Gun-Rights Groups File Suit Against New California Assault Weapons Regulations

'The state's relentless effort to crush the rights of law-abiding gun owners has gotten completely out of hand'


A number of gun-rights groups joined forces to file a lawsuit against California's latest assault weapons regulations on Thursday.

The Second Amendment Foundation, Calguns Foundation, Firearms Policy Coalition, and Firearms Policy Foundation joined with a number of individual California residents to sue the state's attorney general. The suit, Holt et. al. v. Becerra et. al., alleged the way California's Department of Justice implemented new gun regulations was unlawful. It said the process by which the department broadened the definition of what the state considers an illegal "assault weapon" sought to avoid a mandated public comment period in a way that renders the underlying regulations unenforceable.

"The Department of Justice has pushed through a broad set of 'assault weapons' regulations through the state Office of Administrative Law without any oversight or public input," the Second Amendment Foundation said in a release. "As a result, the state DOJ has essentially revamped California's regulatory scheme."

Alan Gottlieb, the group's founder, said the lawsuit was necessary to protect the rights of gun-owning Californians from bureaucratic overreach.

"The state's relentless effort to crush the rights of law-abiding gun owners has gotten completely out of hand," Gottlieb said. "In this particular case, the new regulations not only exceed the scope of the law, they are in conflict with the law, and are contradictory in some cases. It amounts to an illegal regulatory scheme that should not be allowed to go forward. The government agencies responsible for enforcing the law must also follow the law. This case is an important step in protecting millions of law-abiding gun owners from an out-of-control regulatory state."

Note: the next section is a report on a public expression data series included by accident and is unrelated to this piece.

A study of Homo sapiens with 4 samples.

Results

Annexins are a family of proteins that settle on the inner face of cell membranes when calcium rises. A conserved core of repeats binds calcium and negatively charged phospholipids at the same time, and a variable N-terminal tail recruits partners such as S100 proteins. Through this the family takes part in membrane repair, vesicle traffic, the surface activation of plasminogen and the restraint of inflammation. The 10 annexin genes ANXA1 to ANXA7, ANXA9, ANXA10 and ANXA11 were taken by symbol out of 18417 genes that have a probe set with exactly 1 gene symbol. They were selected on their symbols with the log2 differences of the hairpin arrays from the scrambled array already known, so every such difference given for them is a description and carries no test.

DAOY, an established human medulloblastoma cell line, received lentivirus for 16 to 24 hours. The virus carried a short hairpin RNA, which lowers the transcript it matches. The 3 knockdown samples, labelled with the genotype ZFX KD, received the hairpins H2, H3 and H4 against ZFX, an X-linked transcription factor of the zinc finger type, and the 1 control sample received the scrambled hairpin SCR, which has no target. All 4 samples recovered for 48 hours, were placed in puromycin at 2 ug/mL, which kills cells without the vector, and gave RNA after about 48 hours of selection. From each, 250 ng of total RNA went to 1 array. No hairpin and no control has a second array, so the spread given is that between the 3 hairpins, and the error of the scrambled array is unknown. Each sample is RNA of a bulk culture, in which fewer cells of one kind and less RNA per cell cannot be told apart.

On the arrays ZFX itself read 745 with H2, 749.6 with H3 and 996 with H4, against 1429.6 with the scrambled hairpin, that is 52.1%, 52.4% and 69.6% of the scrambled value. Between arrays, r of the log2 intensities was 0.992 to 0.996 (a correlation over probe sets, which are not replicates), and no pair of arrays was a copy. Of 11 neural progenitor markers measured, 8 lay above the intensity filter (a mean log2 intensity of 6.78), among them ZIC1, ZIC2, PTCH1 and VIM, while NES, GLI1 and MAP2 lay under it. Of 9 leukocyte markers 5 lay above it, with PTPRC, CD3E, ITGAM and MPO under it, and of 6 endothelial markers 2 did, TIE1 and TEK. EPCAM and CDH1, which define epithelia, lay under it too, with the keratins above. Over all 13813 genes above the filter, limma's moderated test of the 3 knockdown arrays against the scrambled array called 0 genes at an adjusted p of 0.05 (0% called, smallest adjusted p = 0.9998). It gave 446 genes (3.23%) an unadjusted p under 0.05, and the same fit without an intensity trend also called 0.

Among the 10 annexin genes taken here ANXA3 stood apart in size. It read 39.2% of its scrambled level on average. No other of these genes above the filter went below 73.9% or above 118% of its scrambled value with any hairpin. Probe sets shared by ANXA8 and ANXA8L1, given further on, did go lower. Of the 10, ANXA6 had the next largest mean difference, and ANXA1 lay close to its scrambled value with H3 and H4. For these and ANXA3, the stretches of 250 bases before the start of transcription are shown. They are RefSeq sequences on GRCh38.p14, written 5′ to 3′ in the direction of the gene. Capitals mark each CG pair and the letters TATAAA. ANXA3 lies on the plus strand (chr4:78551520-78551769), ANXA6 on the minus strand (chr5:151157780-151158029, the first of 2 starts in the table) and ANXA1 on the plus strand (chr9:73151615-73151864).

The individual plaintiffs in the case—George Holt, Irvin Hoff, Michael Louie, and Rick Russell—said the firearms they lawfully purchased before the regulations in question would be subject to either a burdensome new registration process or effectively outlawed. They argue the regulations created by the DOJ would make them subject to potential criminal prosecution that wouldn't otherwise exist under California law.

"By making and enforcing unlawful rules, and going around the rules to do it, the DOJ is putting tens if not hundreds of thousands of law-abiding people at risk of serious criminal liability," said plaintiffs' attorney George M. Lee. "This case seeks to make the DOJ follow the same laws they impose on others and protect law-abiding gun owners in the process."

The California gun-rights groups attached to the case argued the DOJ was working in bad faith and needed to be challenged in court.

"The DOJ has used every trick in the book to avoid good faith rulemaking action, and we cannot allow that to go unchallenged," Gene Hoffman, chairman of the Calguns Foundation, said. "California laws are bad enough without piling on unlawful and harmful regulations, so we seek here to restore the rule of law—and some sanity."

Firearms Policy Coalition president Brandon Combs called the state's gun-control policies "bipolar."

"On one hand, the State is requiring people to register virtually all of their guns," Combs said. "On the other hand, the DOJ is doing everything it can to suppress compliance and prevent people from registering their guns."

Firearms Policy Foundation vice president Jonathan Jensen warned many law-abiding Californians could be arrested if the regulations are allowed to stand.

"The DOJ is playing a dangerous game with the law, and it needs to stop," Jensen said. "Tens of thousands of people could face potential felonies in just a handful of months, and meanwhile the DOJ has moved the goalposts with the registration clock ticking."